Personal and sensitive information is like currency in world of hacking. In fact, hackers can quite literally make money off of selling your personal information on the black market, where it is acquired by nefarious individuals for a wide range of purposes, like stealing your identity.
That’s why it makes a lot of sense that cybersecurity becomes an even direr issue when tax time rolls around each year. Both businesses and individuals need to be especially conscious of the telltale signs of a scam so that they don’t unknowingly compromise personal information.
Now that the tax time has been extended, we wanted to make sure you were still thinking about your cybersecurity for your business.
Why tax time?
Filing taxes often includes stacks and stacks of documents that contain personal information. All your W2s or 1099s have all the information that hackers are looking for.
Not only that, but in today’s digital age, these documents are often exchanged online, not to mention the fact that a large number of United States citizens actually file their taxes online. With this information being transferred digitally, it’s important to keep them safe.
What are hackers after?
We’ll get into the usual trickery that hackers employ in a minute, but let’s talk about what they’re after.
We already discussed the sensitive information contained in W2s and other common tax documents. This information is valuable — the National Cybersecurity Alliance even conducted a study that showed tax-time identify theft, where ill-intentioned individuals file fraudulent tax returns with someone else’s information, is the most common type of identify theft.
There are also instances where hackers are after a quick payday. When men and women do their taxes online, they don’t find it suspicious to conduct financial transactions online, either. With the right trick, a hacker can convince someone to send them money.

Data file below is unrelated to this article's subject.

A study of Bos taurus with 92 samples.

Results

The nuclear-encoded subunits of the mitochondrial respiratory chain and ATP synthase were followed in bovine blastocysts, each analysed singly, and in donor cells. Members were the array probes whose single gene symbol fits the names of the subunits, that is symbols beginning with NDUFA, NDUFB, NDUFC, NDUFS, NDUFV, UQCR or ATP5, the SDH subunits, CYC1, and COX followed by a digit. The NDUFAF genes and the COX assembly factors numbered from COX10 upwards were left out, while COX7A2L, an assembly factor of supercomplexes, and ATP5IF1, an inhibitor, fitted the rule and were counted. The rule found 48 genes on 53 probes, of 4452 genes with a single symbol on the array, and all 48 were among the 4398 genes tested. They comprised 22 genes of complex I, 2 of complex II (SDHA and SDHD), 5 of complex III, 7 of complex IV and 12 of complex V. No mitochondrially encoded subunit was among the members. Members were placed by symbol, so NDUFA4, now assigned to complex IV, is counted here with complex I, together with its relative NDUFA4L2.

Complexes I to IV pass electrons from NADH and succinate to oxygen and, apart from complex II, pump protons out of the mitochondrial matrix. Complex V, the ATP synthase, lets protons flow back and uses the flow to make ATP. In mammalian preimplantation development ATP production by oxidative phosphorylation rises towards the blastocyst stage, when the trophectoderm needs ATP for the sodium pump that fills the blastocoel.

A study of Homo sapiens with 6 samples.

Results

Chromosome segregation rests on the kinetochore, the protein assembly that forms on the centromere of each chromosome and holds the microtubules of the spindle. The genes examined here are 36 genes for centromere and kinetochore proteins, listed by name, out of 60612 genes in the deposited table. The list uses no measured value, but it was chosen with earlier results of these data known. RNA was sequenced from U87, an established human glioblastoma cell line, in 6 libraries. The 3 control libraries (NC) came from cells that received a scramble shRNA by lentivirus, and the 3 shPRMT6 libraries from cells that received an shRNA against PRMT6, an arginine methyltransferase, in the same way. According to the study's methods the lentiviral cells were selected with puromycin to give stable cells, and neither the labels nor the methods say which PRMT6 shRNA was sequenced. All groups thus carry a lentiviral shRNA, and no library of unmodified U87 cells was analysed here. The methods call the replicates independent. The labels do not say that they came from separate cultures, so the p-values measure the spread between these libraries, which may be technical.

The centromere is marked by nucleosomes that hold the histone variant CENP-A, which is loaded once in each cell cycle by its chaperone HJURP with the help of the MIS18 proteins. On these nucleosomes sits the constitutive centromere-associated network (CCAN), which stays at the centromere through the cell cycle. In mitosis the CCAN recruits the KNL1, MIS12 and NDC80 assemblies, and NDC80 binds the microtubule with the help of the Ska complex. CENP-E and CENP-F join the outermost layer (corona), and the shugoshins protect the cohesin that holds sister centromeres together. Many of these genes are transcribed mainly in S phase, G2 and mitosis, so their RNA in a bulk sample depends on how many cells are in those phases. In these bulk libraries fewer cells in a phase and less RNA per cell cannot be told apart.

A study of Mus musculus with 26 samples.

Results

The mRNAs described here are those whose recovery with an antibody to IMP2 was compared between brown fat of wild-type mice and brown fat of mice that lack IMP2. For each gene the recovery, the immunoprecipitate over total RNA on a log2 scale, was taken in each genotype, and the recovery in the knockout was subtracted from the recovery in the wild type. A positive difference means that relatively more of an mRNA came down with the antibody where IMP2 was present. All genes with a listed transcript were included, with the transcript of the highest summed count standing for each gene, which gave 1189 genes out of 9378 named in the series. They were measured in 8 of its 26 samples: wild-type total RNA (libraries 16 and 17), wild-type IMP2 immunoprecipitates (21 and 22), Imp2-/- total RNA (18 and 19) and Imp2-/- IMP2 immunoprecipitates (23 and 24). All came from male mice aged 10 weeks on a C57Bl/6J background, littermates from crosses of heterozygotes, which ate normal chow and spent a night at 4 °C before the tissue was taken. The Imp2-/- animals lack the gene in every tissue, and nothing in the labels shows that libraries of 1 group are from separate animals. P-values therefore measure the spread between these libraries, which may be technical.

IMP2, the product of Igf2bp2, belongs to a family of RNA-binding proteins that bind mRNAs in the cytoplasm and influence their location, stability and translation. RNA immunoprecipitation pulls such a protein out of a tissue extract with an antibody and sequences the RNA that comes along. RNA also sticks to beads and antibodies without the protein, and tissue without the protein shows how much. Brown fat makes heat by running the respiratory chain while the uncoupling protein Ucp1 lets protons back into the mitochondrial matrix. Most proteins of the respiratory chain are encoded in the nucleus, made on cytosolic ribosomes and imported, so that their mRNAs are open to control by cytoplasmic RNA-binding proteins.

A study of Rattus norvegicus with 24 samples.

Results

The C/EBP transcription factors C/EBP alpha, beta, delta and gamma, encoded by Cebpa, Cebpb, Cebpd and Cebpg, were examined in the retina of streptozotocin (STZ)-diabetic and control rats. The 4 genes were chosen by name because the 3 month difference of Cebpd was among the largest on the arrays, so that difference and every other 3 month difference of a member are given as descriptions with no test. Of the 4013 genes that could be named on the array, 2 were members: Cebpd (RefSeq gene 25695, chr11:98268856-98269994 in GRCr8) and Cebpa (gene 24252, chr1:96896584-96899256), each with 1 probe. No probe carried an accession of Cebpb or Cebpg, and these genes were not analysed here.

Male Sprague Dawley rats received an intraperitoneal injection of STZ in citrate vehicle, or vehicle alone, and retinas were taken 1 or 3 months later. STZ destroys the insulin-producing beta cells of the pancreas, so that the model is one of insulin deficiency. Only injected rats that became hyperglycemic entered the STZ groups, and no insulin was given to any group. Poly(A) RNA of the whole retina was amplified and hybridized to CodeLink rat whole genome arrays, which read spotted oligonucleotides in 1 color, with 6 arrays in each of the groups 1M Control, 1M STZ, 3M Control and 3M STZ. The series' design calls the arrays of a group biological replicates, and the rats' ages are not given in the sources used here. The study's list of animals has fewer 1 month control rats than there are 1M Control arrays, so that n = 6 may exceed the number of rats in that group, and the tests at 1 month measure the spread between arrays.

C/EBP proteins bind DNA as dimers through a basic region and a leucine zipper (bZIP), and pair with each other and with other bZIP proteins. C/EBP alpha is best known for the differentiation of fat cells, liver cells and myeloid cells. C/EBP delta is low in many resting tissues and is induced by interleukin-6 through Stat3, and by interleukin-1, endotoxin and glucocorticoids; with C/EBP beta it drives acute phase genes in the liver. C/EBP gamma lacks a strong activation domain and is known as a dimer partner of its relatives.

How they do it
Hackers employ fairly basic phishing scams, but they’re effective. Whether they pose as a high-ranking administrator in a company and convince a local HR department to send W2s or wire them money, or they go after individuals masked as TurboTax, these hackers prey on people.
Unfortunately, many people let their guard down during tax season and don’t really spot the red flags that they might otherwise.
How to spot a cybersecurity attack
It’s very simple — the IRS never communicates with taxpayers over email, where these attacks are most often conducted. Knowing that fact alone, you don’t have to give these convincing e-mails a second thought.
With that in mind, make sure you never click links that are supposedly sent to you by the “IRS” and you can even take it one step further by reporting these dishonest emails and communications with the actual IRS.
Paying taxes is already something that most folks dread. Don’t compound your heartache this season by falling for one of these avoidable scams!